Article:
There are no plans to establish a managed isolation and quarantine facility at one of the country's New Zealand Defence Force camps, health authorities say.
This is despite calls from some of New Zealand's most prominent Covid-19 experts to shift the facilities outside of major cities.
Epidemiologist Professor Michael Baker has suggested building a state-of-the-art facility the Air Force base at Ohakea which could be used in future pandemics too.
The main advantage would be a reduction in the risk of border control failures, which can lead to outbreaks in large cities with both health and economic impacts.
Baker says there are still question marks about how safe hotels are for housing recent returnees from overseas, especially around ventilation.
"The finger has been pointed at lift buttons and rubbish bin lids but, really, in most of those cases you can't distinguish between fomite (touching a surface) and an aerosol," he says.
"They are things that would be fixed in a purpose-built facility ... One of the benefits it provides is a facility that could be used for future pandemics as well.
"It's a huge decision to work through, but given the increasing risks for pandemics of various scales, we think it would be maybe a strategic asset that should be looked at."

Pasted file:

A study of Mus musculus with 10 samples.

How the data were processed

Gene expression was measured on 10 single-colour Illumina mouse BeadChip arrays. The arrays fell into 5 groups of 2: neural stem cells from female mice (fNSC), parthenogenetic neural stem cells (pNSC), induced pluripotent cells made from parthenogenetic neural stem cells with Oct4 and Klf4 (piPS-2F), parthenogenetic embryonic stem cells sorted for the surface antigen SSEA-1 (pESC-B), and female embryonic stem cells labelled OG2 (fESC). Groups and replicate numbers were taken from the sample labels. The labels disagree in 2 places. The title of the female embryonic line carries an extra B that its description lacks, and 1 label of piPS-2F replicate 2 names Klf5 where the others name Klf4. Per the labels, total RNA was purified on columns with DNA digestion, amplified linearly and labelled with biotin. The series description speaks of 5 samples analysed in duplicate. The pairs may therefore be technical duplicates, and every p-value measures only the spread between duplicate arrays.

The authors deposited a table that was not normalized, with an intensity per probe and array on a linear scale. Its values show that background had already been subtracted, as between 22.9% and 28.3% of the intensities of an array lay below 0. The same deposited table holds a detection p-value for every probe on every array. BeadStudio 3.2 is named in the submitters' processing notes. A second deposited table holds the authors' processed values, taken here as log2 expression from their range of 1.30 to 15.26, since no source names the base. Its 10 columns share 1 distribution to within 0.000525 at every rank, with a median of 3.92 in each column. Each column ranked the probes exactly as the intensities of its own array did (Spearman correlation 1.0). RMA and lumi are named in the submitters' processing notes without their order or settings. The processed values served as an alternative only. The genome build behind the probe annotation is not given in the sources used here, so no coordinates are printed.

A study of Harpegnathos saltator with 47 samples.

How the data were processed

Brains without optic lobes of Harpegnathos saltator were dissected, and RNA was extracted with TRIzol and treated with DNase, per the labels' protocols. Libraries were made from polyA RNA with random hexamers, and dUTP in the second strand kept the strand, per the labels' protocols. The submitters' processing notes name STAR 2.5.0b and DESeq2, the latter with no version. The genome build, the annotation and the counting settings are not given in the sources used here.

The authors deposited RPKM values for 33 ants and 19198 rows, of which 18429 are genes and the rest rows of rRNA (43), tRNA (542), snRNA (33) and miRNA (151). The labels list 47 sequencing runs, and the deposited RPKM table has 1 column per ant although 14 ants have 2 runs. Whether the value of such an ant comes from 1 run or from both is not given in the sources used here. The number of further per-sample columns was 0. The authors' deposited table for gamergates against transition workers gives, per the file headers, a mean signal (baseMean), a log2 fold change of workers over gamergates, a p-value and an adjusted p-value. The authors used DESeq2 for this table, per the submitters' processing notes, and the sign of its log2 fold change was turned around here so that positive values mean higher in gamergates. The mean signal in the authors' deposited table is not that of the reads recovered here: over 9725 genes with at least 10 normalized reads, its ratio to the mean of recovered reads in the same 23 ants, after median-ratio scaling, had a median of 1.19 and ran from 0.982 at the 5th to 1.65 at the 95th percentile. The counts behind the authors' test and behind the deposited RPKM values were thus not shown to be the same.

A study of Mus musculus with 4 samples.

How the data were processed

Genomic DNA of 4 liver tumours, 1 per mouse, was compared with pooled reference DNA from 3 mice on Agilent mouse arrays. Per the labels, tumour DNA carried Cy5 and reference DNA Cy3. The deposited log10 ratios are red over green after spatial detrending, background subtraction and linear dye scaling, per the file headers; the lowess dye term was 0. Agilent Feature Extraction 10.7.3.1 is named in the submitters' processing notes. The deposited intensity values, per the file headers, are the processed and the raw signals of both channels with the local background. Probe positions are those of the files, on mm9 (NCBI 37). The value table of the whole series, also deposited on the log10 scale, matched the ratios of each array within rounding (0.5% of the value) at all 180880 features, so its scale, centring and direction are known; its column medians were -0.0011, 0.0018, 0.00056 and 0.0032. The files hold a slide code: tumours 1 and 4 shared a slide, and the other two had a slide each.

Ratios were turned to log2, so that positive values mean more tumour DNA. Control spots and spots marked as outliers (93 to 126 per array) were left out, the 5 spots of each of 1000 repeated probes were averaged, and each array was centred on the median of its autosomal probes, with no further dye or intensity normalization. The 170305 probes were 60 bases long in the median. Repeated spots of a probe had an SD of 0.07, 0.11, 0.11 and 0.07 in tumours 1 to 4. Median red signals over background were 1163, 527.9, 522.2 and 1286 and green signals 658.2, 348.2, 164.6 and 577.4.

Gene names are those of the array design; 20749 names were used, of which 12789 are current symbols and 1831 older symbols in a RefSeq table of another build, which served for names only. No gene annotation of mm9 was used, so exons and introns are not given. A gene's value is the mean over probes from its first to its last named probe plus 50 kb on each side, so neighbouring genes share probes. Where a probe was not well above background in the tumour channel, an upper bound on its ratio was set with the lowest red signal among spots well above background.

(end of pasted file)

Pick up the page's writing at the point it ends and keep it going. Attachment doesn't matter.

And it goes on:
However, a specialist facility could reduce the number of people coming into New Zealand due to only having one facility to house returnees.
The call comes amid the revelation the case which sparked the major shutdown of Auckland's CBD could have mingled with Grand Millenium MIQ returnees who evacuated on Monday following a fire alarm. The suggestion she caught the virus at that time has been quashed by the Ministry of Health.
A spokesperson for Managed Isolation and Quarantine says a key constraint of setting up a new facility is the essential workforce.
"We need nurses, defence personnel and police to run these facilities, and this a limited workforce," they said.
"In addition to workforce supply issues, a minority of hotels meet our requirements.
"There are a limited number of suitable facilities that are in locations where there is also a suitable hospital facility."
Baker also earlier called for a traffic-light system be introduced to allow people from states overseas where the virus has been eliminated to avoid quarantine.
The system also suggests people from places where there is a controlled spread of the virus to isolate at home, under the same strict MIQ restrictions.
However, the MIQ spokesperson says this again is something not on their radar.
"People entering New Zealand must stay in managed isolation or quarantine for at least 14 days and complete a health assessment and return a negative Covid-19 test before they can go into the community," they said.
"People can apply for exemptions on specific grounds but the threshold is extremely high and very few exemptions are granted."